Time to check in with New York University professor and Nickelodeon nutrition consultant Lisa Sasson!
By the way, some of you have asked me what a nutrition consultant for a children's television channel does.
Ms. Sasson is the person Nickelodeon turns to when they need help deciding what food products to put their characters on.
The Viacom-owned station recently decided to be more careful with the foods their "celebrities" like Dora the Explorer and Spongebob Squarepants endorse. A certain "healthy" cereal might seem okay to ad executives, but it is Ms. Sasson who has the final word!
Today, she reviews The Sonoma Diet: Trimmer Waist, Better Health in Just 10 Days! by Connie Guttersen and Stephanie Karpinske.
What I Like:
"This isn't a low-fat or low-carb diet. Olive oil and nuts play a big part, and whole grains like brown rice and oatmeal are included."
What I'm Not So Sure Of:
"This idea of phases. It's very cookie cutter. I guess it's what sells. I don't know how necessary it is to have distinct phases with strict rules."
What I Don't Like:
"I have many problems with this book. First of all, it talks about how it wants to emulate The Mediterranean Diet, but then it tells you NEVER to eat things that people in that part of the world eat: potatoes, regular pasta, white bread, jam. We have this notion that these foods are "bad", but that's if they are eaten in very large quantities or prepared in ways that aren't healthy, like drowning pasta in a tub of Alfredo sauce.
This woman is a registered dietitian, so I'm really surprised with some of the things she says. She starts by telling you to go through your kitchen cabinets and throw out anything with white flour or sugar. This includes something like maple syrup. No one ever got fat from drizzling a little maple syrup on their pancakes!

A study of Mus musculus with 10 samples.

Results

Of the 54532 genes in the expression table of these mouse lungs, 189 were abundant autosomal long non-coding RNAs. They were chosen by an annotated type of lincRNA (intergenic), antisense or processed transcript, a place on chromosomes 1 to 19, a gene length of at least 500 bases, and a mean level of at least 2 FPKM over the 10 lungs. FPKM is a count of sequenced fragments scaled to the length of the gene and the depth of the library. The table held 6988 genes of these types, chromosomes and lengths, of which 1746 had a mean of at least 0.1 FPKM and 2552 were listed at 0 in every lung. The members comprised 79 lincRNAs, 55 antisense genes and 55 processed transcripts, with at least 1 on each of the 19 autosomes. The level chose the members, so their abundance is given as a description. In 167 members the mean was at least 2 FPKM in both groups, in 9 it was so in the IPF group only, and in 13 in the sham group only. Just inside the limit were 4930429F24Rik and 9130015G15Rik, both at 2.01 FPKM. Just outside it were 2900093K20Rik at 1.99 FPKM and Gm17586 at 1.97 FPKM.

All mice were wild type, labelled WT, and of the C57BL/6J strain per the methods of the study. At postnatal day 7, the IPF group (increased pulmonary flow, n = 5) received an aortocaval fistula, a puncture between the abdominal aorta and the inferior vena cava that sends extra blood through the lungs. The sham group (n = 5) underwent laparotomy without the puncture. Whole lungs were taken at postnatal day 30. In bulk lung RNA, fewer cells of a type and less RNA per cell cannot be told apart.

I also don't like the idea of eliminating fruits during the first ten days. Fruit is a great source of nutrients, and there is absolutely no evidence supporting the removal of fruit from one's diet in order to lose weight. If anything, this can be problematic because you can not turn to fruit as a way to satisfy a sweet craving.
This diet is just too restrictive, and unnecessarily so. And, it annoys me that the author keeps mentioning how "easy" it will be to lose the weight. I don't think it's necessarily an easy thing. It's OK if you initially struggle. Telling readers how easy and fun this is going to be isn't truthful.
The recipes also seem complicated and expensive.
This is definitely one of my least favorite recent diet books."
I have not read this book, but based on the above review, I have a feeling I wouldn't be very supportive of it.
I love whole grains and recommend them often (I certainly believe the large majority of your grain consumption should come from whole sources), but I would never tell someone to shun white flour and other refined grains for good.
What for? So they can feel like they "cheated" when they went to a birthday party and had a slice of cake, or went to their favorite pizza joint with a friend and had a slice?
I also don't understand the reasoning behind eliminating fruit for a period of time -- I can't imagine not being able to bite into a single piece of fruit for a week and a half!
I also know that, later on, artificial sweeteners are allowed in small amounts, yet regular sugar is not. Huh? Adding a teaspoon or two of sugar into your coffee provides, at most, 32 extra calories.
The United States definitely needs to reduce its sugar consumption, but this idea of it as an absolute evil -- even in small amounts -- is hysteria.